Recently released figures by EU statistics agency Eurostat show a spectacular drop in the amount of renewable energy used in the transport sector for 2021, a trend that affects almost all EU countries and is due to a change in the calculation methodology for biofuels.
Only four of the 27 member states – Croatia, Denmark, Finland, and Lithuania – managed to improve their renewable energy share compared to 2020, with all other countries recording a downward trajectory, according to Eurostat.
Ireland fared the worst, more than halving its renewable energy share in the transport sector. The island nation dropped from a 10.2% renewables share in 2020 to 4.3% in 2021.
Hungary recorded a sharp fall as well, dropping from a 11.6% share to 6.2%. Luxembourg saw a 36.7% decrease, going from 12.6% in 2020 to 8% in 2021.
Central and eastern European nations were subject to decreases ranging from 20.2% in Czechia to 13.8% in Poland to 10.2% in Romania.
The EU’s largest nations were also not immune: Germany saw a fifth of its renewable share in transport erased, falling from 10% to 8%. France, meanwhile, recorded a more modest decrease of 11%, while Italy saw a relatively minor drop of some 6.8%, reducing from 10.7% in 2020 to 10% in 2021.
Change in methodology
While the European Commission declined to comment formally, one explanation for the drop is that the updated Renewable Energy Directive (RED II) came into force, mandating a new approach to renewable energy calculation.
Asked by EURACTIV about the country’s decline in transport renewable energy, a spokesperson from the German environment ministry confirmed that the change is due to 2021 being the first year that was calculated according to the specifications of RED II.
“Both the share and the total amount of renewable energy in transport are almost the same in 2020 and 2021, only the statistical method has changed,” the spokesperson said.
“If the RED II method is used for both years, the value for 2020 is about 7.9% and for 2021 about 8%,” they added.
One major alteration under RED II is that the amount of waste biofuels (made from used cooking oil and certain animal fats) that can contribute towards transport renewable targets is capped at 1.7%.
This cap, which was required to enter into force in each member state by 30 June 2021, removes waste biofuels beyond the 1.7% limit from counting towards EU targets, hurting decarbonisation progress on paper.
Zoltán Szabó, a sustainability consultant for industry group Ethanol Europe, told EURACTIV that the drop in the renewable energy share can be primarily attributed to this.
“The drop from 2020 to 2021 is not just a result of a methodological change. It is mostly down to UCO being capped when calculating the contribution to RED II targets,” he said.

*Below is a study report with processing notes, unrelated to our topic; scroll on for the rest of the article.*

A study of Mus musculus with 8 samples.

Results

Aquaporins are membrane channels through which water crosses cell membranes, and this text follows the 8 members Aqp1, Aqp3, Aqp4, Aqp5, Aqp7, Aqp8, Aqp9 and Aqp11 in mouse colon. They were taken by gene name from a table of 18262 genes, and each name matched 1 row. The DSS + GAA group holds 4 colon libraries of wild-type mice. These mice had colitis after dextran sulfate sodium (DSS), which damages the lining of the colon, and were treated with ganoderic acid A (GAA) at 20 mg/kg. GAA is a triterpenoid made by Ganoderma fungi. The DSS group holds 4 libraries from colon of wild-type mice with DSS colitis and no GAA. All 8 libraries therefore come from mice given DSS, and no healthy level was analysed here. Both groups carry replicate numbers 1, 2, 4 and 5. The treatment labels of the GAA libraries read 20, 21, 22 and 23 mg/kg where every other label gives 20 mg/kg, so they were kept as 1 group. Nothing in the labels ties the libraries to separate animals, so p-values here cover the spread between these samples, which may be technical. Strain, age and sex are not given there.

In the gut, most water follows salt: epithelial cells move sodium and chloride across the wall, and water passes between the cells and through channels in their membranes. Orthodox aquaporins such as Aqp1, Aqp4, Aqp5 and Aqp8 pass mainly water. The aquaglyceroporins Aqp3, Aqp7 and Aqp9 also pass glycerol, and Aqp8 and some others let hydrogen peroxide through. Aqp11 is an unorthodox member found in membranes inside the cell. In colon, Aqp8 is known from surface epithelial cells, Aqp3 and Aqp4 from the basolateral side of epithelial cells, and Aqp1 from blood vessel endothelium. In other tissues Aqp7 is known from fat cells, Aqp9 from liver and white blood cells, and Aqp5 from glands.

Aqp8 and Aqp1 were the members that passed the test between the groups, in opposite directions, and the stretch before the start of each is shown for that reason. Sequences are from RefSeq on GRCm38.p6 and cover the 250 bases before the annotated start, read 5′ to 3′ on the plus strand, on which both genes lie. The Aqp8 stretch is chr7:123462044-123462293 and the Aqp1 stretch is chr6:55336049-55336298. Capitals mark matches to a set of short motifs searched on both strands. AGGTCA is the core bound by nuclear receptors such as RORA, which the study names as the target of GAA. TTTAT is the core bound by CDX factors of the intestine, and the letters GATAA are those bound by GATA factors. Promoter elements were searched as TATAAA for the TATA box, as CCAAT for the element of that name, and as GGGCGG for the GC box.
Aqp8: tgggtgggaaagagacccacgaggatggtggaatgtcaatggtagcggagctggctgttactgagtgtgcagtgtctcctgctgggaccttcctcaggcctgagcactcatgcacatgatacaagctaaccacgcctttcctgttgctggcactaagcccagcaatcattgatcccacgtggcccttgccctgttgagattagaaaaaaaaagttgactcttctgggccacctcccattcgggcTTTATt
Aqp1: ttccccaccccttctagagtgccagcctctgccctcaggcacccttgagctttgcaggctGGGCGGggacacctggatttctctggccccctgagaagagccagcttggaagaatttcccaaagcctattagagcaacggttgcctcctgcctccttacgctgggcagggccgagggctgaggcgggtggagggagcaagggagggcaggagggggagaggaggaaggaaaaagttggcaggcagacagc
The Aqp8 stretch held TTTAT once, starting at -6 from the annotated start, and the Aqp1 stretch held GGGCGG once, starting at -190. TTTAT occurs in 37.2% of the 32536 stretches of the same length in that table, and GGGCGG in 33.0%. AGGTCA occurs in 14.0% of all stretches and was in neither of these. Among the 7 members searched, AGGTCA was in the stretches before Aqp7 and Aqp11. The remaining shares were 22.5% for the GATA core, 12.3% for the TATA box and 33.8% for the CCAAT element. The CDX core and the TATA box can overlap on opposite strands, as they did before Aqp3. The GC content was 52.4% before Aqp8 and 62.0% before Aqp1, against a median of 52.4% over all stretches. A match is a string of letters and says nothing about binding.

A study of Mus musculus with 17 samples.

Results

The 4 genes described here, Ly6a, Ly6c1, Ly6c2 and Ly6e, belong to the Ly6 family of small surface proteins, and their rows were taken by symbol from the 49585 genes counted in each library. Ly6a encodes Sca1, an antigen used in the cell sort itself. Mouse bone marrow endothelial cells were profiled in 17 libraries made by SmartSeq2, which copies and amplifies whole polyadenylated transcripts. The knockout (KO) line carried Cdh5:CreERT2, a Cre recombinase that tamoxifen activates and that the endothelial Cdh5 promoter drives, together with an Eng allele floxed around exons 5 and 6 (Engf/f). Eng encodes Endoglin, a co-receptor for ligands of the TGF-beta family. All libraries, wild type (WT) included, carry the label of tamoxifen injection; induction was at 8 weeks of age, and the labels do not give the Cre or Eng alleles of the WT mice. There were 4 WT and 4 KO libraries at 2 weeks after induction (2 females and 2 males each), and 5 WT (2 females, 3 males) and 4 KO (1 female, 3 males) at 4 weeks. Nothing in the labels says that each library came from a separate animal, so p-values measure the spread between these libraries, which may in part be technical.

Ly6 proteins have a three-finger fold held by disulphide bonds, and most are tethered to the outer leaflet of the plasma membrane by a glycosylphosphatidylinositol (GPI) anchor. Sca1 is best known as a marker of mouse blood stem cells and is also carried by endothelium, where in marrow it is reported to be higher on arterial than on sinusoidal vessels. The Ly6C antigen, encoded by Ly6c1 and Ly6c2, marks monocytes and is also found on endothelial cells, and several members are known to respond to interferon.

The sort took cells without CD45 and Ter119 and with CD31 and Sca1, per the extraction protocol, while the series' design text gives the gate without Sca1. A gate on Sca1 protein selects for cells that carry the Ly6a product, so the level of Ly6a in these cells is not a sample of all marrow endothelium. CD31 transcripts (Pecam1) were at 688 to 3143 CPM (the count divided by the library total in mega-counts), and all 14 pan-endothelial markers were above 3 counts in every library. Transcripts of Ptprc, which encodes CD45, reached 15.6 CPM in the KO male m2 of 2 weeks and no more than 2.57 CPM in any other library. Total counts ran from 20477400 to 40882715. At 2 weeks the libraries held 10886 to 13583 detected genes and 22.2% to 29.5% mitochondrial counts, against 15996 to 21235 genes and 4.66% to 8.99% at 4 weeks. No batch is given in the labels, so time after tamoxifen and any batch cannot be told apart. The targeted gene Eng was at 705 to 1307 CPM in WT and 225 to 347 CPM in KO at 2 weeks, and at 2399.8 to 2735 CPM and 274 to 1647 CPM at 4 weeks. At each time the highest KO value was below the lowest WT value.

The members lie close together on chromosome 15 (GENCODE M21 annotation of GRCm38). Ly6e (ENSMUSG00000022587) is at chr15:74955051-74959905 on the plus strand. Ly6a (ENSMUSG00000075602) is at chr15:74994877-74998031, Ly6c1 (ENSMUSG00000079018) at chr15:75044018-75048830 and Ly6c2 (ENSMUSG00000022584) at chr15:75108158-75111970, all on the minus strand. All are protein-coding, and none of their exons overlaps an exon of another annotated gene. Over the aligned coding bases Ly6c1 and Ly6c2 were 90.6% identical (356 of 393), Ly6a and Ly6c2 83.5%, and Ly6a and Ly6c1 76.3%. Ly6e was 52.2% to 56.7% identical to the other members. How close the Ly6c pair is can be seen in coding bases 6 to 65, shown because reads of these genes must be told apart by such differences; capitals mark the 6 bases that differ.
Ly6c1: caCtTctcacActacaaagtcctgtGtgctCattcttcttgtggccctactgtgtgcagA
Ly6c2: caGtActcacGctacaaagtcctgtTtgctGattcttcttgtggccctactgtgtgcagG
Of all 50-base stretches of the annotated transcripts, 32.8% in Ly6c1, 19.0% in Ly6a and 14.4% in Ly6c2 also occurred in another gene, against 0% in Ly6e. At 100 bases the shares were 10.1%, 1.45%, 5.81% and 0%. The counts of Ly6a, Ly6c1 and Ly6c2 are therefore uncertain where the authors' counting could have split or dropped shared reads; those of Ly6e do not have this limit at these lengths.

“Some countries, notably Ireland, Hungary, Slovenia, Portugal and the Netherlands had in 2021 more than half of renewables in road transport based on UCO. This share is most likely even higher today,” he added.
Member states are not legally obliged to limit their usage to 1.7%, but waste based biofuels cannot apply towards EU renewable energy goals beyond this level.
A modification of the limit is allowed under the Renewable Energy Directive, but must be approved by the European Commission. Small island nations Malta and Cyprus are exempt from the 1.7% cap.
Green campaigners have questioned the unrestricted use of biofuels derived from used cooking oil as a means to decarbonise the transport sector, alleging that UCO imported from abroad may be fraudulent.
A lack of used cooking oil supply from within the EU has indeed led to high levels of importation. Around 68% of UCO imports in 2019 were from Asia and the United States.
A 2022 study by the International Council for Clean Transportation (ICCT), a US-based non-profit organisation, cast doubt on Asian countries’ ability to meet rising UCO demand from Europe.
The study concluded that raising demand for biofuels from UCO increases the risk that restricted feedstocks, such as virgin palm oil, will be illicitly used to bulk up imported UCO quantities.
In response, the waste biofuels industry emphasised that importing companies are legally required to adhere to EU-imposed safeguards.
The contribution of crop-based biofuels to the transport sector’s renewable energy targets is also limited under RED II, with a 7% cap imposed.
The Commission decided to limit crop-based biofuels due to concerns that lucrative biofuel feedstocks were driving deforestation in developing countries, a phenomenon known in EU parlance as indirect land use change (ILUC).
However, industry has questioned the methodology used to calculate ILUC rates abroad, instead positioning crop-based biofuels as a means to rapidly replace fossil fuels, thereby cutting emissions in a sector that is traditionally difficult to decarbonise.